The writers over at Daily Intel may still love Gossip Girl, but this New Yorker has lost all interest in the heavy-breathing teen angst fest. Even if Georgina is returning in tonight’s episode. Last year at this time, the show was my everything. But some around December my interest began to wan, and now even the phrase “Good Morning Upper East Siders” elicits an involuntary eye roll. But instead of turning this into a diatribe, I’ve decided to make explanatory list. Perhaps if creator Josh Schwartz can rouse himself from the pungent aroma of loads and loads of money to read these, he’ll be able to catch the GG shark mid-jump.

1. If you don’t own a TV, you’re SOL.
The CW seems to act on one flawed assumption: That people 18 to 35 own functioning televisions. I don’t have a TV. I get my fix via home computer. Unfortunately for me, Gossip Girl‘s producers refuse to post more than a handful of episodes online at any given time, making it difficult to play catch up. And don’t even think about looking for them on YouTube.

2. The characters are increasingly infuriating.
Exhibit A: Dan Humphrey
At the beginning of the series, Dan’s visible annoyance at having to deal with mental plebeians was somewhat bearable, and maybe even a little charming. A year and a half later, he starts to become like the unwanted obnoxious boyfriend at your friend’s birthday party — annoying, pretentious, and sort of in the way of conversation. He’s just not likable.

Exhibit B: Jenny Humphrey
Since when did “Little J” become the embodiment of Nylon Magazine? Between the name-dropping, faux snark, sock-puppet haircut, and heavy black eyeliner, she’s as predictable and bland as a trip to the local Hot Topic.

Exhibit C: Serena van der Woodsen
I may be wrong, but I believe Blake Lively’s character was supposed to be the breakout star of the series. But instead of being an adorable bad girl gone good, her utter lack of accountability makes her flirt-pout-then-whine routine stretch mighty thin. PS: How did she get into Brown University when she never actually seems to be in school?

Exhibit D: Blair Waldorf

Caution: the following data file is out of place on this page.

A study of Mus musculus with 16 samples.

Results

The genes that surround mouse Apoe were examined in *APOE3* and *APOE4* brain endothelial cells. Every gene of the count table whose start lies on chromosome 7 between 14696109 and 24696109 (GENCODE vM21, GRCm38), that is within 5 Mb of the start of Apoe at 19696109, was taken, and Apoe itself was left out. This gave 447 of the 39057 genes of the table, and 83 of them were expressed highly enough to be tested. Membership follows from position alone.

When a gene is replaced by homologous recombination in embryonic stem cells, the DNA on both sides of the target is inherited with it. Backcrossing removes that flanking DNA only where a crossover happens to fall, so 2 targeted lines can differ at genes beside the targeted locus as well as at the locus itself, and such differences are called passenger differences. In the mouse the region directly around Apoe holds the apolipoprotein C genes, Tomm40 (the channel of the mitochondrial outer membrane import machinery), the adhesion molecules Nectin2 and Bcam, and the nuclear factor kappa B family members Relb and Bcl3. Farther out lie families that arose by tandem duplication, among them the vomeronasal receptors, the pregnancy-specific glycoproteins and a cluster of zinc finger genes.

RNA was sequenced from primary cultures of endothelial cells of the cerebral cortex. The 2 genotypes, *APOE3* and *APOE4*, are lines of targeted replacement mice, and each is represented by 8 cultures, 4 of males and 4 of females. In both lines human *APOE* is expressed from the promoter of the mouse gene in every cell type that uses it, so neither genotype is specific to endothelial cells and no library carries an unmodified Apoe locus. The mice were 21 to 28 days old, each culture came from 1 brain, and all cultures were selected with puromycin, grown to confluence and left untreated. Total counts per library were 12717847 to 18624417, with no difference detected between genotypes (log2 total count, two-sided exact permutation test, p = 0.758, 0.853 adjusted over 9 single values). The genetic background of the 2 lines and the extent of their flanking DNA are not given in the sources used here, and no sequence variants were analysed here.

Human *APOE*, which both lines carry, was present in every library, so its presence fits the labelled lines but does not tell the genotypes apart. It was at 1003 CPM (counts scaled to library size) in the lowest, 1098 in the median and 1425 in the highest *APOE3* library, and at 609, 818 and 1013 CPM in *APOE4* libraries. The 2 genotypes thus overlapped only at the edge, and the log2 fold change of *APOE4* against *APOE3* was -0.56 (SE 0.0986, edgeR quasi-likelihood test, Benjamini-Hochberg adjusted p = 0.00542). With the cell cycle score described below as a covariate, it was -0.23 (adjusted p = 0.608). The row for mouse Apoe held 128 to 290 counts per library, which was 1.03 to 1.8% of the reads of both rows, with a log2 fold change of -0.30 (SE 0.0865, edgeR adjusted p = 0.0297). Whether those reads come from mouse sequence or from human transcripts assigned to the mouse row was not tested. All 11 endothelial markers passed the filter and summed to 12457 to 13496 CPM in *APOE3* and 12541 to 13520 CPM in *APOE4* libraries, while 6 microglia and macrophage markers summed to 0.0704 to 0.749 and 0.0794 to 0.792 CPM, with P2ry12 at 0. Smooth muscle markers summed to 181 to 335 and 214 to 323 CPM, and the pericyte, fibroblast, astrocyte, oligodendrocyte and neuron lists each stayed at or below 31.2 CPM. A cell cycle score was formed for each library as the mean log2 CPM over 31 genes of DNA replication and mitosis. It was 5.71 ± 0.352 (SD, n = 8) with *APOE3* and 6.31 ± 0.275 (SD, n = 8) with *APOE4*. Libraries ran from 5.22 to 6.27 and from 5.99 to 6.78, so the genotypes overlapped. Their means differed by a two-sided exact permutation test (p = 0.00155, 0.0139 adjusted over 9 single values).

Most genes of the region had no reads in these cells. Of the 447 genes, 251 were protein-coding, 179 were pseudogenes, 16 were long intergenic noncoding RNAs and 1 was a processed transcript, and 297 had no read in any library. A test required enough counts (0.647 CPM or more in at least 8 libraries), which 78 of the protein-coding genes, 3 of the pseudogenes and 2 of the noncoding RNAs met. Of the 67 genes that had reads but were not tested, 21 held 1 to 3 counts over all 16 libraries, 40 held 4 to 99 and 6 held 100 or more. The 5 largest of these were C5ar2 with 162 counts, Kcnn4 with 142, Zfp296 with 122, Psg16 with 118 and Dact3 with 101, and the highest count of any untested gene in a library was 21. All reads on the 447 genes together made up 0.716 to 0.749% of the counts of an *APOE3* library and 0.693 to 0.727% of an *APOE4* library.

Maybe I was being idealistic, but there was as time when Blair was my ideal anti-hero. Smart and beautiful, with the iron tongue to rule Constance, she was the first strong female character I’d seen on TV in some time. In recent episodes, as Blair gets jilted by the same loathsome characters and falls into a cycle of self-pity, desperation, and Dorota abuse, it’s hard not feel that the show’s creators have deliberately cut her down from the solid redwood of female power she once was.

Exhibit E: Vanessa Whatever
I’m pretty sure we were supposed to empathize with this character, who’s a mash-up of all things alterna, but she’s just no fun to watch. Also: She’s so unimportant to the show that I can’t even remember her last name. That’s never a good sign.

However, none of these individual characters can amount to the largest flaw of the show…

3. The complete implausibility of the plot.
I surveyed several friends who had also recently left the cult and asked why. There were many answers but most boiled down to this: The show is completely out of touch with reality. Even in the most elite schools across the country, it’s still highly competitive to get into choice colleges, and the existence of a Gossip Girl-type Web site smearing the names of would-be Ivy Leaguers seems preposterous. In some districts in New York, even dodgeball (the childhood game, not the defunct web app) is banned, as it’s seen to produce “aggressive and anti-social behavior” in students.

Also: Though there’s overflowing wealth in New York City, even those at the highest rungs are feeling the weight of a collapsing economy. It’s hard for average viewers to empathize with characters who seem immune— especially when each week they’re displaying less and less emotional depth.

The bottom line: When even Chuck Bass feels tired and predictable, you know you’ve got a problem that’s too big for Rufus and his infinite dad wisdom to solve. As one friend put it best, “It’s almost like all the producers went to sleep behind the wheel. While also being lazy. And suffering from a boom hangover.”